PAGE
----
IFA Livestock Chairman Brendan Golden said beef prices have strengthened in recent days as tight supplies and strong farmer resistance to the lower and unjustified quotes from factories takes effect.
The Prime Export Benchmark Price for the latest week is steady at €3.76/kg, while the equivalent Irish price dropped 5c/kg, which underlines how unjustified the price cuts are.
Steers are making €3.75 to €3.80/kg, with heifers making €3.80 to €3.85/kg. The cow trade is steady, ranging from €2.90 for P grades to €3.40/kg for R and U grades with some higher prices. Young bulls are ranging from €3.60 to €3.80/kg for R and U grades.
He said IFA left MII in no doubt in our meeting that undermining of the market place by meat factories will not be tolerated and beef prices must reflect the full value of our key markets.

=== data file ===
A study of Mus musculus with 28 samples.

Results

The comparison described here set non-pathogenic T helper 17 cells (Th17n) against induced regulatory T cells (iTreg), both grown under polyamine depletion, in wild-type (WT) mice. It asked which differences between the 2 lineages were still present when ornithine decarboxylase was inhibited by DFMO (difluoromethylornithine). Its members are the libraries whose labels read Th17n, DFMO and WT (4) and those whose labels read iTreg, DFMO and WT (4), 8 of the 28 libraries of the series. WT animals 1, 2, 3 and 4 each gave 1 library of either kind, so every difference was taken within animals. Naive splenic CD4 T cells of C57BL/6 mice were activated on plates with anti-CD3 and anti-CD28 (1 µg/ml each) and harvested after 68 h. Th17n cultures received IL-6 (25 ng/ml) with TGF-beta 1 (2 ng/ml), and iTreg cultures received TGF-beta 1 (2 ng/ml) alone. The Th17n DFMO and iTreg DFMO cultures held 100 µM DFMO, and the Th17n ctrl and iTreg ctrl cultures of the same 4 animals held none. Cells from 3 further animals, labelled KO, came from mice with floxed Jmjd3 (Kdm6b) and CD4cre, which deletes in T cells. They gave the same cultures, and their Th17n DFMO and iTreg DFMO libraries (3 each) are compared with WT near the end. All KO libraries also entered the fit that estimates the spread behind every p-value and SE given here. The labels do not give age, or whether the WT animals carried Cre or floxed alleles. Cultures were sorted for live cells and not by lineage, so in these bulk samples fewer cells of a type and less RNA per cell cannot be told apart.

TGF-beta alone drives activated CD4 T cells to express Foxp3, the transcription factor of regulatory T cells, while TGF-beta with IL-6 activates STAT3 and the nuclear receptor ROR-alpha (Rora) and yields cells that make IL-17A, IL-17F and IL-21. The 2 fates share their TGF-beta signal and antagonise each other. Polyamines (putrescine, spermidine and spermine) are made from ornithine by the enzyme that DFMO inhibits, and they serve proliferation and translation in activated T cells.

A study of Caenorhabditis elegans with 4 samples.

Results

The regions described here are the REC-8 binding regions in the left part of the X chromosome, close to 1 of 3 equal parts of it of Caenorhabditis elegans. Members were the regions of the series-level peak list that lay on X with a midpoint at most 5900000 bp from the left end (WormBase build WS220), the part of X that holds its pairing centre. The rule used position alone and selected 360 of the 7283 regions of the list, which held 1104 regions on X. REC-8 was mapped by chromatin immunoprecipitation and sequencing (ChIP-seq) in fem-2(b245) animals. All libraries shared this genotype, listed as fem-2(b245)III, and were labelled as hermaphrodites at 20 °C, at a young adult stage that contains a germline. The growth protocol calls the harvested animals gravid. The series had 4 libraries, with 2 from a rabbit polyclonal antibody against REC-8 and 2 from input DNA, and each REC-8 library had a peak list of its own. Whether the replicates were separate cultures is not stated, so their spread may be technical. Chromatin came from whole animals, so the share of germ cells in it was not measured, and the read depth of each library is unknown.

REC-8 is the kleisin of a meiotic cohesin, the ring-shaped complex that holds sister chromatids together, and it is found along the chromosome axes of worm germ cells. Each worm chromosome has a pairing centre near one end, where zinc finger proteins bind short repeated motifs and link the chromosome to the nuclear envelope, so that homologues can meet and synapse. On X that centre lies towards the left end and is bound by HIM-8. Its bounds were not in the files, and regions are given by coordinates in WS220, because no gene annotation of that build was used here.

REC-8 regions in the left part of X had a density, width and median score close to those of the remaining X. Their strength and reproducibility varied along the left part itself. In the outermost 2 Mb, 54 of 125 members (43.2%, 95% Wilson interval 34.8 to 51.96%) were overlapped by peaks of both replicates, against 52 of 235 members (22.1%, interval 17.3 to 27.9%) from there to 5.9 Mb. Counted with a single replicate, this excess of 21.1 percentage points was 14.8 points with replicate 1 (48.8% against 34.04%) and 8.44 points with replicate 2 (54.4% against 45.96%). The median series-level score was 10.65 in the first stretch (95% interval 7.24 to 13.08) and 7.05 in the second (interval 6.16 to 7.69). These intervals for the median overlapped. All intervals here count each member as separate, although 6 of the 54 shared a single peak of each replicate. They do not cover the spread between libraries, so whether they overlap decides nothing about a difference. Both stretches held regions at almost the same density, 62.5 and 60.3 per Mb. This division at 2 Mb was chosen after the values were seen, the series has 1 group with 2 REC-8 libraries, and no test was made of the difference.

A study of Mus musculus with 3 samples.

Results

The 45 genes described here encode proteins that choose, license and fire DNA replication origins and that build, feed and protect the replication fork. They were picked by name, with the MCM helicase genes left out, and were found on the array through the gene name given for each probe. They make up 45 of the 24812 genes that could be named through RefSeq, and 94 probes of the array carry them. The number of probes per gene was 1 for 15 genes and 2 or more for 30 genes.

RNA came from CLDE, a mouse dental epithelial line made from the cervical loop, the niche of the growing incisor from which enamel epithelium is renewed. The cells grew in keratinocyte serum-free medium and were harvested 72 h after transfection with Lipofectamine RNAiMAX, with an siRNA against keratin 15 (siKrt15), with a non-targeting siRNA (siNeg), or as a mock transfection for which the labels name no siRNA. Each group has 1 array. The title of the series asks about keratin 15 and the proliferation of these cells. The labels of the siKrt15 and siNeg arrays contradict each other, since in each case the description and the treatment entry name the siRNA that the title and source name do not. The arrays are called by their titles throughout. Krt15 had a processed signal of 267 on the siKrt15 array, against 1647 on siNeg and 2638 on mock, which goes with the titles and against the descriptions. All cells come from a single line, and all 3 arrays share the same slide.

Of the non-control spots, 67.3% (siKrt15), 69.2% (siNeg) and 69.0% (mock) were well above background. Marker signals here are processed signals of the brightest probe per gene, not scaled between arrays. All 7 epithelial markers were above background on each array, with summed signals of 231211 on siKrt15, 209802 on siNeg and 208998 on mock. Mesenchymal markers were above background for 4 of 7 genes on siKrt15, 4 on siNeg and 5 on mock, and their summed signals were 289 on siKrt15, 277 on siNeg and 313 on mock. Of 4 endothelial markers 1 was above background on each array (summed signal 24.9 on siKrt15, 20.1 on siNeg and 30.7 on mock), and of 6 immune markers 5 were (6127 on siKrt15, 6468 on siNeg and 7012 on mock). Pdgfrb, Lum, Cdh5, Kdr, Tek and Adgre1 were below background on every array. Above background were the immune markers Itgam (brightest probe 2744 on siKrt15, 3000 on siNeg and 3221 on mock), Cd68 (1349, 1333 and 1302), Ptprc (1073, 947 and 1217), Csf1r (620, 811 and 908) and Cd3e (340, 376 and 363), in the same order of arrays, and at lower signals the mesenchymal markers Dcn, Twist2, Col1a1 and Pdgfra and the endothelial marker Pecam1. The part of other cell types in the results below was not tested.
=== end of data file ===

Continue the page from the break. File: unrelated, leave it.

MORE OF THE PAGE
“Supplies of finished cattle are extremely tight. UK slaughter-fit cattle are predicted to be back 5% this year and sterling has continued to strengthen since the end of January. It’s currently at 86p, creating positive market conditions for Irish beef,” he said.
Brendan Golden said factories must reverse the price drops of recent weeks and reflect the full value of the market place in cattle prices.
“While sterling is strengthening, it’s still almost 20% behind the pre-Brexit vote levels and impacting directly on incomes for beef farmers. This is further compounded by sub-standard imports that are allowed into the EU to undermine our key market. The Mercosur trade deal that will allow an additional 100,000t of substandard product into our key markets must be stopped,” he said.
The Brexit Adjustment Fund must prioritise beef farmers who have borne the brunt of the Brexit impact.
Brendan Golden said winter finishers are also dealing with the impact of increasing input supplies. The breakeven price estimated by Teagasc at €4.50/kg is a long way from current prices.